In August Arbtech were contacted to carry out a preliminary roost assessment (PRA) of a property in Derby to support a planning application for an extension to transform a bungalow into a large, two storey dwelling.
A PRA can be carried out all year round, but if the next phase of surveys is required then these can only be done between May and September.
This means there is a significant time pressure on surveys carried out this late in the year and Arbtech have an outstanding reputation for meeting these tight deadlines.
The PRA can be carried out at any time of year and involves an inspection of the building to assess its ‘habitat value’ as per best practice guidelines. The habitat value is a professional assessment of the suitability of a building for bat roosting, and the probability or likelihood of bats utilising such features based on the structure and materials and the quality of the nearby habitat for foraging and commuting.
This kind of assessment is vital because it is not always possible to find evidence of bats when they are roosting in external crevices on buildings such as under hanging tiles or in gaps under fascia boards.
If the surveyor cannot rule out bat presence at this stage, for example if there are gaps and crevices on the building that cannot be fully inspected, then further survey effort is required to either prove likely-absence, or characterise any bat roosts present.
The building in question had suitable external roosting crevices under hanging tiles which although limited in number did provide some suitable roosting habitat for small crevice dwelling bats such as pipistrelles. The site was also adjacent to woodland which increases the likelihood of bat presence.
The building was assessed to have moderate habitat value and two further dusk emergence and/or dawn re-entry surveys were recommended.
This next phase of surveys can be carried out between May and September when bats are most active and present in their summer roosts.
The surveys involve a team of surveyors (enough to observe all elevations of a building or structure) watching bats either emerge from the roost at dusk or return to the roost at dawn.
Each surveyor is equipped with a bat detector which allows them to hear the bats echolocation and therefore determine which species of bat is present based on the frequency and pattern of the call.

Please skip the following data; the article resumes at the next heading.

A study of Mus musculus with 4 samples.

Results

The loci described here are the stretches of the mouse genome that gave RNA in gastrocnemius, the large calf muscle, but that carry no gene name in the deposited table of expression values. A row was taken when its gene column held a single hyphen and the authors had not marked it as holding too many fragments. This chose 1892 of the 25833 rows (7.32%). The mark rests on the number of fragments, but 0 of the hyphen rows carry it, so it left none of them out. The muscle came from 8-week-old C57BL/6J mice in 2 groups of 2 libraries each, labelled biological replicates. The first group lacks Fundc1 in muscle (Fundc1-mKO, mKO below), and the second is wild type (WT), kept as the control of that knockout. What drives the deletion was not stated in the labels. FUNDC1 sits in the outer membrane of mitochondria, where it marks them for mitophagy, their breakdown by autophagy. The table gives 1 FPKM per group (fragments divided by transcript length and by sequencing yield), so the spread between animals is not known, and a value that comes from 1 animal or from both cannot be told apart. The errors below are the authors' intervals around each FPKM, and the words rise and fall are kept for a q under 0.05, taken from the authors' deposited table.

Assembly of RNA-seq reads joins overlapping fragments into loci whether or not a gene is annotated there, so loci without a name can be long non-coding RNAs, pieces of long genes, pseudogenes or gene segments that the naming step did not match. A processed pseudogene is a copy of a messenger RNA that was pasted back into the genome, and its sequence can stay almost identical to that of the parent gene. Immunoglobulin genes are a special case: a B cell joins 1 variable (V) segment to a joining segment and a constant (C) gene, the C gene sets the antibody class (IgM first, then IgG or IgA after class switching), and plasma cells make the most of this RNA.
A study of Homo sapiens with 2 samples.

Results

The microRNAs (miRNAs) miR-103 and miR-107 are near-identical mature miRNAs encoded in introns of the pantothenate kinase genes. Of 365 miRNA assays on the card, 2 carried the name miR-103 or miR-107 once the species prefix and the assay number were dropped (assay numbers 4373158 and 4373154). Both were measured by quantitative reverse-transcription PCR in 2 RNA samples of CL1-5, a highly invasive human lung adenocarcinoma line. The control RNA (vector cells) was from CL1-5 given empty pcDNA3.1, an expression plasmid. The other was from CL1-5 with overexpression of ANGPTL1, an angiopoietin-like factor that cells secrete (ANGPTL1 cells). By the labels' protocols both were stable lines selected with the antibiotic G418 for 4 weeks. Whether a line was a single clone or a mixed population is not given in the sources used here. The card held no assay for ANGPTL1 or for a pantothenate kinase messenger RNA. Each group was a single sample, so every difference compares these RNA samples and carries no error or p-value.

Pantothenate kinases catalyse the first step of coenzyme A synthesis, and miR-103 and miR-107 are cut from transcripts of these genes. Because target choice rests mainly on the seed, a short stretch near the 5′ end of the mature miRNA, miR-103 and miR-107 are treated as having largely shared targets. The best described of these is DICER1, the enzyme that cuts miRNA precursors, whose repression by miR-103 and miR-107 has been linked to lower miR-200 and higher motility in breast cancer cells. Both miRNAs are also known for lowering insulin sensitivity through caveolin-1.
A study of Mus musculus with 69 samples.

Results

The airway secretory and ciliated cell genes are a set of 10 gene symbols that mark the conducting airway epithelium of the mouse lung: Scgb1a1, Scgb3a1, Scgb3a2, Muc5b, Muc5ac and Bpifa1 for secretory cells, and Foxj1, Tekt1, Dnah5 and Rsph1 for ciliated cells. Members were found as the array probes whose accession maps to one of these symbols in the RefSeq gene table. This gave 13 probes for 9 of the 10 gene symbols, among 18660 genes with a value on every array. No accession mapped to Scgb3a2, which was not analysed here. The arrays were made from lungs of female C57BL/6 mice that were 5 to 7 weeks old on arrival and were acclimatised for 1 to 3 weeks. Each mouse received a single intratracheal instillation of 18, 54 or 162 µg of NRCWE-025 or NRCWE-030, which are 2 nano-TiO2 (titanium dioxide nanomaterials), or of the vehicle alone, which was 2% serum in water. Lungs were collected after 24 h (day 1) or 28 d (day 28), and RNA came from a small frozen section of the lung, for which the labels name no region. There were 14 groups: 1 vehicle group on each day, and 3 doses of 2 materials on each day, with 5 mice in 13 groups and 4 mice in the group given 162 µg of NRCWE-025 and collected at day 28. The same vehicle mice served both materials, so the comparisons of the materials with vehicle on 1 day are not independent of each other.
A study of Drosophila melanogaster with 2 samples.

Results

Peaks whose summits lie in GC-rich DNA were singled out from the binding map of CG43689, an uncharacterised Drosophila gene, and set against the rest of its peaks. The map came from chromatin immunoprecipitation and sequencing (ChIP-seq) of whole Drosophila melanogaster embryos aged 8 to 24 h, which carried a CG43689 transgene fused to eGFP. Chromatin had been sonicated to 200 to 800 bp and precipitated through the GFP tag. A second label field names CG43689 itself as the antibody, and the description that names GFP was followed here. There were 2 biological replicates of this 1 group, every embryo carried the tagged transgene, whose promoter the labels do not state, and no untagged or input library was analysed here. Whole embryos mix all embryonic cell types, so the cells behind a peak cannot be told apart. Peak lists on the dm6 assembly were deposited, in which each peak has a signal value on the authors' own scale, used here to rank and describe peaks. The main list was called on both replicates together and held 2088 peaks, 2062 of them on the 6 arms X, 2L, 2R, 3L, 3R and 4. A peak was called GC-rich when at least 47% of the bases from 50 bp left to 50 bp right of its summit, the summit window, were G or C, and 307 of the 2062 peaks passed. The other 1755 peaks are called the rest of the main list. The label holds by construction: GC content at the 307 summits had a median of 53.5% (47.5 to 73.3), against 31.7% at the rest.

Surveyors can also be assisted by night vision equipment if required.
Throughout the surveys, common pipistrelles, soprano pipistrelles and brown long-eared bats were recorded passing and feeding around the site.
On the first survey there were no bat roosts confirmed, but on the second visit a common pipistrelle roost under the hanging tiles was identified. As a result, a third survey was carried out where the common pipistrelle was observed once again roosting under the hanging tiles.
The surveys carried out provided the necessary information for the planning department to be able to give planning consent with the knowledge that the bat roost would be destroyed under a European protected species mitigation licence (EPSML) with appropriate mitigation and compensation for the roost type and species.
European protected species mitigation licence
An EPSML is granted by Natural England to legally permit the damage, destruction or disturbance of a bat roost with the provision of appropriate mitigation and compensation. Any work to a bat roost is illegal without this permission.
In this case as only low numbers of common species were present; the site was eligible for the Bat Mitigation Class Licence (BMCL). This is a much quicker, more streamlined version of the traditional EPSML which can only be carried out by qualified, registered ecologists.
From the initial enquiry for the survey in mid-August, Arbtech had all of the four surveys completed within six weeks. Planning consent was granted swiftly and the BMCL was registered in October with work starting in November. Arbtech were on site during the removal of the hanging tiles to move any bats out of harms way and into a bat box.